So it starts with a simple question –“What CMS would you recommend?” in the context of being a Semantic CMS. Since I live and breathe Sitecore, in any other context I wouldn’t hesitate with my answer, but in the Semantic CMS context I wanted to dig a little deeper.
Definition of Semantic Web and Semantic CMS
So let’s start with a bit of background at a very high level. Let’s identify what we mean by Semantic Web and what a Semantic CMS is. When we talk about Semantic Web we are in the context of an end state of a web of data that can be utilized by machines.[1] We focus more on data and standards around that data more than anything else.
This web of data is a work in progress with standards being continually developed by the World Wide Web Consortium (W3C). Essentially the Semantic Web consists of ontologies, taxonomies, rules, common querying languages, data interchanges to expose data. This is a bit different from the document based web that we know and love today. The subject of Semantic Web is far a greater subject to go into and to try to fit details into this blog would be unsatisfactory. I highly recommend learning more about Semantic Web.[2]
A Semantic CMS is an extended CMS as we know it today. A Semantic CMS needs to include semantic functionalities that include the storage and processing of data from semantic services as well as an engine to process reasoning and knowledge relation of that data. In a Semantic CMS we are decoupling data from the typical page/document approach commonly used in many CMS products.
Sitecore Architecture versus Proposed SCMS Architecture
A proposed architecture for a Semantic CMS (SCMS) is as follows:[3]
Scms-architecture
Here is the Sitecore high level open architecture:[4]
sitecorearchitecture
Granted these diagrams are not an apples to apples comparison, but the overall high level concepts are there.
What Sitecore Provides Today
By the diagrams you can conclude that Sitecore clearly contains everything and more on the content side of the SCMS stack as well as the presentation capabilities. Sitecore already decouples data from presentation through use of layouts and sub layouts that can be applied to different templates of data. Those templates we speak of are our taxonomy and ontology representations within Sitecore. This model allows different presentation elements to be applied to the same data.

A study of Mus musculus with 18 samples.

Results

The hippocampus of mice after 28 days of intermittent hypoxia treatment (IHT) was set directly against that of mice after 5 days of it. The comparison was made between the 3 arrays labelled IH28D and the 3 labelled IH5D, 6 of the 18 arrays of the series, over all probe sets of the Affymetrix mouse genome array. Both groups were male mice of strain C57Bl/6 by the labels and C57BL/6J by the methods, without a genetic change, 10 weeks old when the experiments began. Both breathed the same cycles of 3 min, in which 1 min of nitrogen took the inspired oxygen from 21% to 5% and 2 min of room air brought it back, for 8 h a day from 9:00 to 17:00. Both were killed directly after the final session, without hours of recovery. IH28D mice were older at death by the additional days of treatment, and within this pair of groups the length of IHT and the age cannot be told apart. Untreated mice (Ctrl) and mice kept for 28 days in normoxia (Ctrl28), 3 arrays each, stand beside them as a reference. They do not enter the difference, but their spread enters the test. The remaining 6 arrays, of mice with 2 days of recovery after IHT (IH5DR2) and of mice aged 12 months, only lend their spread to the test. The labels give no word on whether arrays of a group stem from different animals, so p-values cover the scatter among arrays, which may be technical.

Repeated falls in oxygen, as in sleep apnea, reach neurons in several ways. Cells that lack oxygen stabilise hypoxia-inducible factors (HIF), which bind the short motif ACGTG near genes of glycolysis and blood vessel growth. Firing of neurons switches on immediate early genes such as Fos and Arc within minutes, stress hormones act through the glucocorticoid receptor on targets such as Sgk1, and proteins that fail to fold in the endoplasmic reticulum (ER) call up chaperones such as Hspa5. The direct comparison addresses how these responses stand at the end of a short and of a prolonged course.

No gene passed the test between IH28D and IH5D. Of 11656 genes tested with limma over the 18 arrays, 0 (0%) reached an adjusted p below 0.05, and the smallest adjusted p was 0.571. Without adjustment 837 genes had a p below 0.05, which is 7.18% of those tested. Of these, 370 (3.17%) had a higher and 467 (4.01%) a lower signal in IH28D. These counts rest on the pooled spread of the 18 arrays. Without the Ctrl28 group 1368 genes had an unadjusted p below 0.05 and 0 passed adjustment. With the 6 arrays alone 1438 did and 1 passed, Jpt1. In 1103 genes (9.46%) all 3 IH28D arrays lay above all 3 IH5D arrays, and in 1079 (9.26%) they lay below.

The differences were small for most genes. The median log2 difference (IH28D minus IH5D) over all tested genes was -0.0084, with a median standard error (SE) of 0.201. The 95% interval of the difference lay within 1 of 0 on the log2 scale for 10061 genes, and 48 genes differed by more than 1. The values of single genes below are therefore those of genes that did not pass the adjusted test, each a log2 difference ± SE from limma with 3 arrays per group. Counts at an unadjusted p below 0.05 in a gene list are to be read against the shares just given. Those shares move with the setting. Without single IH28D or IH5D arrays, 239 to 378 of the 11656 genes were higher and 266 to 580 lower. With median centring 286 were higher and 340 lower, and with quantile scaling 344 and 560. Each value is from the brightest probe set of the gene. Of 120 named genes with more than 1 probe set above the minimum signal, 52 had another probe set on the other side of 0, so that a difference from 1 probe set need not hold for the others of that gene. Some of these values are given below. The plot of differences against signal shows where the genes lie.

Sitecore 7 provides the ability to tag data content as well as setup facets for data content. Search has been greatly improved from pervious versions. This provides a great way to expand metadata within Sitecore to develop better data relationships to be able to query. Search is versatile enough to accommodate different search providers and tokenized search.[5] A full list of search functionality can be viewed here -> http://www.sitecore.net/Community/Technical-Blogs/Sitecore-7-Development-Team/Posts/2013/04/Search-and-Indexing-Feature-List.aspx.
Because Sitecore is extensible through the .NET stack, we can hook in oData, which is a web protocol to query and update data.[6] Alex Shyba from Sitecore has provided us Autohaus (https://github.com/Sitecore/autohaus) as an example of what you can do to build a compatible oData service. [7] This begins the ability to easily connect to other data integration points.
What Is Still Needed?
Sitecore at this point doesn’t have a knowledge and reasoning engine built-in (maybe in the future?). It has tools mentioned above as well as the Rules Engine to get us to a point closer to semantic utopia.
In fact while the .NET based semantic engines are getting better and more are being developed – I have not fallen in love with any of them quite yet. I still prefer some of the tools and engines outside of the .NET stack to play with.
That doesn’t mean there isn’t an opportunity for an engine to be built and integrated. Since Sitecore is extensible, there is really no reason that an engine could not be integrated allowing the association of different data interchanges while adhering to W3C protocols and standards. The abilities to autonomously process multiple sources of data based on interactive behavior will be beneficial.
I don’t mean to trivialize this type of effort making it sound like all we have to do is build and plug in. This effort is a huge undertaking with a lot of use cases to be built to and issues to be resolved. Especially to be able to be used with a mature product like Sitecore.
Summary
Based on the SCMS offerings out on the market now – I think Sitecore from a CMS meets and exceeds in many different aspects. Semantic technologies is still not widely embraced but is getting more traction day by day and I really believe the improvements in Sitecore 7 brings developers and customers closer to that data autonomy.
I do believe semantic technologies is where developers providing solutions will be heading from a data consumption approach, a web of data versus a document/page based model. We already see with SOA architectures, mashups, and enterprise data integration efforts in regards to analytics tracking to existing corporate data that we are well underway.
To answer that original question from the LinkedIn discussion – I would recommend Sitecore 7 as it is a great solid CMS with the ability to extend into semantic technologies.


About the Author

Mark Servais is a software solutions professional with experience in creating solutions using Sitecore and the Microsoft stack of technologies. Experienced in project and development lifecycles through several viewpoints that include project management, development, and leadership. Mark has over 25 years’ experience in software engineering and application development. Mark has been awarded Sitecore’s Technology MVP award from 2014-2017 and currently holds a Master’s degree in Software Engineering from Carroll University.